In Canada, drivers approaching the age of 80 are required to re-take their driving tests. There is no opting out; the re-test is a government-mandated preventive measure to ensure an individual unfit for driving is taken off the road before they become a danger to themself or others. Statistics for how many people this re-test has saved would be impossible to collect, but the numbers (and the lives they represent) are likely in the thousands, growing healthily.
Why, then, is there no one-size-fits-all preventive test for more pervasive killers like cancer and heart disease? In 2009, cancer was the leading cause of Canadian deaths (71,125), followed by heart disease (49,271), stroke (14,105) and chronic lower respiratory diseases (10,859). Accidents, or unintentional deaths (10,250) killed the fifth-highest amount of Canadians, and that number includes all sudden misfortunes, not just motor vehicle accidents, and certainly not just motor vehicle accidents caused by older drivers.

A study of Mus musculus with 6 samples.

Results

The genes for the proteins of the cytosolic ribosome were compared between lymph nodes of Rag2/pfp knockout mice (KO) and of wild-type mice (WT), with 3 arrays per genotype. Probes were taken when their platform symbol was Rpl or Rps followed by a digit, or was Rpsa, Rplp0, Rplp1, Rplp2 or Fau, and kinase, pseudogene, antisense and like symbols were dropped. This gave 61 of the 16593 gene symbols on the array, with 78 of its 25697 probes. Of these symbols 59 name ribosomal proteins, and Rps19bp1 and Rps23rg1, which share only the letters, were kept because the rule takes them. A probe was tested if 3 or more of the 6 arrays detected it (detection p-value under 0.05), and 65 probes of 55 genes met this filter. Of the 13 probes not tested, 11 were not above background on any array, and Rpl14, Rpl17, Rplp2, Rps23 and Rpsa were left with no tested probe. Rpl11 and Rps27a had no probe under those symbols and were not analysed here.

None too soon, BC is launching a new colon screening program. As is stated on the website: “Age is the biggest risk factor for colon cancer – over 94 per cent of new cases diagnosed each year in BC are in men and women age 50 or older.” When colon cancer is detected in its earliest stages, survival rates are approximately 90 per cent, and simple screening tests like the FIT (Fecal Immunochemical Test) can be done at home for free.
AIM’s head MRI technologist, Wayne Picker, hails from Australia, where residents over 50 have been receiving such tests from the Australian Government by post since 2008. Hopefully, Canada will follow suit in the near future and make early cancer screening as mandatory in the 50+ age group as driver’s license re-testing is in the 80+ age group.
“This,” says Dr. Attariwala, “is how the government should take care of the population.”